Kickstarter Lesson #90: What You Should Do for 30 Minutes After Posting a Project Update

6 April 2014 | 20 Comments

There is one Kickstarter Lesson regarding project updates during a campaign that I fail to heed about 50% of the time. It’s about what you should do after you post a project update. Here are some examples of what not to do:

  • Post a project update and then immediately run off to eat tacos at a local restaurant.
  • Post project update and then immediately go to bed.
  • Post a project update and then immediately call a friend to chat for 45 minutes.

What do these things have in common? They all involve me being unavailable while backers are receiving and commenting.

Here’s a list of the things you should do for the 30 minutes after posting a project update:

  • Sit at your computer.

That’s it. It’s not that hard. But it’s harder than it looks.

Being available and responsive aren’t hard things to do. The hard part is allocating enough time not only to write a project update, but also to sit at your computer for the 30 minutes after you post the update. Overestimate when calculating this amount of time. Even after posting hundreds of updates, I still have it in my mind that it takes about 15 minutes to write an update, while realistically it takes over 30 minutes to write and polish it, sometimes more.

Another part of this is my blogger’s mindset. I can post a blog entry and no one will comment for hours, if at all. Blog comments aren’t urgent–I typically like to reply to each comment soon after its posted, but if it takes me a day or two, the world doesn’t come crashing down.

The same can’t be said about project updates. You never know when something you say in an update will result in a swarm of questions or even accusations. You need to be available when that happens.

Last, Kickstarter now allows project creators to edit project updates within 30 minutes of posting them. There have been several times during the Tuscany campaign when a backer pointed out a typo or asked a clarifying question right after I posted the update, so I was able to change the text before it was permanently etched into the internet.

I think that’s it. I’m going to go eat tacos, call a friend, and take a nap.

Collectors Edition final


  1. In general, if you’re interacting online, I think it’s good to be present to people who respond immediately. Like, if I’m going to post something on Facebook, I try to be around for a while after the post goes live.

  2. Man there is so much information on this site my head feels like it going to explode, would you recommend doing the same before the Kickstarter? While you are still building a crowd? I do daily updated to two forums dedicated to the product we are creating were collectors and enthusiasts hang out.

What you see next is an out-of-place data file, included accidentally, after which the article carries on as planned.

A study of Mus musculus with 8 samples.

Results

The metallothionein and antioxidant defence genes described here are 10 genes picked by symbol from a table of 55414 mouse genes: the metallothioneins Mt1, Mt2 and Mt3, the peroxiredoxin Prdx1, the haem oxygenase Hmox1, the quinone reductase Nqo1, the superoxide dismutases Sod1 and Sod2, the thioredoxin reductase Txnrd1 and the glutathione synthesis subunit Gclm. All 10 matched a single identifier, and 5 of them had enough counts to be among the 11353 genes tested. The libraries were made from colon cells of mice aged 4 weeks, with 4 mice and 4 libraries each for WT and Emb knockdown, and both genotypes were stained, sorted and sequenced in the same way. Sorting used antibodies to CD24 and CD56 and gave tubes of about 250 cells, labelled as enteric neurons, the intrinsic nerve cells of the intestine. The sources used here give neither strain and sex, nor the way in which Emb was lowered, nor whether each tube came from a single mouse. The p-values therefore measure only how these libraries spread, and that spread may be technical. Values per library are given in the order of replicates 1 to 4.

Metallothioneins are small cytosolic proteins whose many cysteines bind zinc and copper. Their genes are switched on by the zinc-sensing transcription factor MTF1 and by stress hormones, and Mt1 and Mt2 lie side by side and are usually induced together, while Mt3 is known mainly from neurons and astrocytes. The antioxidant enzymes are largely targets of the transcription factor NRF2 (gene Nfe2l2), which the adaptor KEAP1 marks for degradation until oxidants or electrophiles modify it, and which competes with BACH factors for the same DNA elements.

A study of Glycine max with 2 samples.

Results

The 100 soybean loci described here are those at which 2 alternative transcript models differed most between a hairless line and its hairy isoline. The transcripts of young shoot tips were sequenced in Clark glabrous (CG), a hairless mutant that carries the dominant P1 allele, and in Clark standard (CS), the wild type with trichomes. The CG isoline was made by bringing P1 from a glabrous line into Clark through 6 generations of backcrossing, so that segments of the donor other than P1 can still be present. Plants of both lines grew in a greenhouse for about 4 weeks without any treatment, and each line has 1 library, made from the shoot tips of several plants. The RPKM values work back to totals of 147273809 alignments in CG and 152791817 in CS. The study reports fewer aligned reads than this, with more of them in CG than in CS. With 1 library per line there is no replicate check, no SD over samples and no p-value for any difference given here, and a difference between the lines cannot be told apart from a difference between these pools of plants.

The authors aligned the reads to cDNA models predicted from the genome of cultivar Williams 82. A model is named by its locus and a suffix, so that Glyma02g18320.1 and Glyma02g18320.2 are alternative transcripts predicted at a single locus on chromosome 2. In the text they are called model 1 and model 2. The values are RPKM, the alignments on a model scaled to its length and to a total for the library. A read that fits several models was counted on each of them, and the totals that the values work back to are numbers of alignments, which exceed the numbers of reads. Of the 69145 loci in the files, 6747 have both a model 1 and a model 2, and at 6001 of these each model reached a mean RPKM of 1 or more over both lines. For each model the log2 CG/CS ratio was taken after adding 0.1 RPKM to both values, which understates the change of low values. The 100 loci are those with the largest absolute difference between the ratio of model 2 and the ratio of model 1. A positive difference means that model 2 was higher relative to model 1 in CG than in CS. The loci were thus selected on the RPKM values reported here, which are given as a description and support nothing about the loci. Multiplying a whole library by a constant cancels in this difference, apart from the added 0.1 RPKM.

1. Lee: Click on the update (not just the general updates link, but that actual update), and in the upper right (near the title), you’ll see a little “edit” hyperlink with a countdown clock for 30 minutes. After 30 minutes, that link goes away.

  3. One thing we have tried to do with our updates are write them out at least a couple days in advance. Have at least a couple others on the team give them a look and then set a day when we plan to post it. This works really well with what you are saying about being available after the update goes up since you no longer have to spend that time writing the update right before you post it.

    Really solid advice!

    1. I definitely like the idea of getting people to look at them before you post. Writing them that far in advance can be tough, though. I try to only post when I really need to say something, so I often don’t know that I need to say it until the time comes that I really need to say it. :)

      1. Haha very true! We try (emphasis on try) to plan out the next week with any bigs news items we want to announce. Of course, it is also dependant on how quickly the campaign is advancing. If you have something that is blowing up their is definitely not time to go into this planning, but a slower paced campaign or definitely around the very common slump times are good opportunities to try and plan a little in advance.

  4. I hadn’t really thought of this much. My blog posts are on delayed notification so sometimes it’s days later that I get comments. I assume that the Kickstarter updates generate emails instantly? Glad I caught this, I’m only 2 weeks out! :-)

    1. Chevee: Yep, when you post a Kickstarter update, within about 30 seconds you and all backers will get the e-mail version of the update. Comments vary based on the update, but the key are the updates where backers have immediate questions or concerns.

      I’ll try to write a few more posts before you launch. :)

  5. Another good point up to your sleeve Jamey, but I have one question (one you can answer in even more than a couple of days :) : is this happening now that you have a large following or was this true also at the beginning when you (I guess) had far less people looking & asking?

    1. Fabio: That’s a good question. Only backers can comment on an update, so it’s not really about the following, but it is about the number of backers. A project with a lot of backers is more likely to have a lot of comments. Although a big part of it is encouraging conversation, which I try to do, but it doesn’t always succeed. It helps if you put the conversation in backer hands by asking them a specific question to talk about in the comments of an update.

  6. As always – appreciate this solid advice based on your experiences! I’m launching a project in 2 days, so this is an important one for me to keep in mind in the coming weeks!